Sunday, October 22, 2017

Feedback Request

The author of the book most recently featured here would like feedback on this version:

Dear Agent,

Growing up, I dreamed of being a 50's-TV-style mom, just like Donna Reed and June Cleaver. Just like my own mother. So imagine my shock and dismay when, nearing puberty, I was placed in the boys' section at my school.

A brutal rape in college and a violent suicide of a second love interest put an end to fantasies about men that would never be. [I think you need to mention transgenderness before you jump ahead five years. Readers could interpret your being placed in the boys section as a clerical error. Possibly add to the first paragraph: It wasn't the school's fault; my birth certificate and my body both proclaimed I was male.] I discovered the love of another woman and her young child. Through the chaos of the marriage, I found joy in our three children becoming the mother I dreamed about as a child.

In 2009, after 28 years of marriage, I lost my 15-year-old son under allegations a transgender woman was unfit to be a mother. Despite the overwhelming consensus that no judge would ever grant me custody, I was unwilling to abandon him. Acting as my own attorney, I fought a four-year custody battle.

Isolation and the economic and emotional stress combined with threats from the court drove me into a near-suicidal depression but the love of my son prevailed. I regained custody while becoming the woman I had once imagined as a young girl [always known I was].

Whipping Girl took transgender women from the genre of Lesbian non-fiction into the realm of feminism. My book, The Transgender Myth, broadens that scope, challenging our perceptions of gender, invoking the complementary notion of gender put forth by The Feminine Mystiqueand asserting that men and women do in fact come from the same planet.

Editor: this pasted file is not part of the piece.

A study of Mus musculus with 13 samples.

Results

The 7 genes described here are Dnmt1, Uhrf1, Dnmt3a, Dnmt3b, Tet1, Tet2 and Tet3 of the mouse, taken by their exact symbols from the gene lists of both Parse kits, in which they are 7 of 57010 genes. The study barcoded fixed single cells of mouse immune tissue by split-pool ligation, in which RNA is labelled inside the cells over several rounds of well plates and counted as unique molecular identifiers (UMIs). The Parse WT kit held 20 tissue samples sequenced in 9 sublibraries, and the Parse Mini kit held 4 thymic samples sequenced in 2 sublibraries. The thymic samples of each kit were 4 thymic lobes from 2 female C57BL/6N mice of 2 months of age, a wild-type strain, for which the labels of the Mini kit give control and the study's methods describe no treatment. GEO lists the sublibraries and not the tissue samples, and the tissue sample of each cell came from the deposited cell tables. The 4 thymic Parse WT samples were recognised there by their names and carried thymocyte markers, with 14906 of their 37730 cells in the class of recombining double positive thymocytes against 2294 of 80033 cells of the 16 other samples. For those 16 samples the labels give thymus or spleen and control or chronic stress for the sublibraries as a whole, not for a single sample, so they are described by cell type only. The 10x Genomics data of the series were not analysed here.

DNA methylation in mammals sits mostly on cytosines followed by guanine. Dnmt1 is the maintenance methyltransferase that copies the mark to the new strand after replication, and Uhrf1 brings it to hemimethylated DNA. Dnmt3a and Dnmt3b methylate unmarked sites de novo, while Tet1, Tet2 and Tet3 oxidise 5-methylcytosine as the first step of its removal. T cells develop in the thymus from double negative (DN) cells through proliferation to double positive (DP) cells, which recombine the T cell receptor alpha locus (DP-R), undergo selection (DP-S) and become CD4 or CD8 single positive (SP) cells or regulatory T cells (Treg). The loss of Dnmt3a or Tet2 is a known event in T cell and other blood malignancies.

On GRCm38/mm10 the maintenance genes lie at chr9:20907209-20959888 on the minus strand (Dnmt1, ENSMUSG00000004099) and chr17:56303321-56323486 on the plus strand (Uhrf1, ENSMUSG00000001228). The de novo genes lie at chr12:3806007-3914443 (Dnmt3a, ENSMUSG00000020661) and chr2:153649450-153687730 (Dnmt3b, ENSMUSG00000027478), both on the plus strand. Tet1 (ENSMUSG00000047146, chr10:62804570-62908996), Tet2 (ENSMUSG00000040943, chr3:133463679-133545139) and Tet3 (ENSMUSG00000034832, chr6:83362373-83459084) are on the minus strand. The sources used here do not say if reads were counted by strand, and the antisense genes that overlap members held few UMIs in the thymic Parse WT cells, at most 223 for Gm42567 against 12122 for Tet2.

The book is not a story about transition. It is a journey from blissful innocence, through fear and isolation, past denial and defeat into acceptance and triumph, examining the best and the worst of living in both genders.

The Transgender Myth is complete at 93,000 words. I trust this story will appeal to your interest in LGBTQ narratives. Thanks for your time and consideration.


In my opinion, the third paragraph is the place to start. The first two paragraphs are backstory, fine in the book, but not so important in the query. You would have been fighting for custody whether you'd been placed in the boys section, raped, etc. or not.

Of course I'm assuming the majority of the book deals with the custody battle. It seems to be the aspect that sets your book apart from other memoirs of trans women.

If you start with paragraph 3 you have room to add, right after that paragraph ,a paragraph detailing the injustice of the system and the setbacks you had to overcome.

1 comment:

khazarkhum said...

I think the story of the custody battle is the heart of your work. Why not simply allude to the others while concentrating on what sounds like a fascinating journey through the courts? It becomes a story to inspire all, not just the transgender community. At the same time it brings the unique challenges of the transgender experience to the fore, which many people are curious about.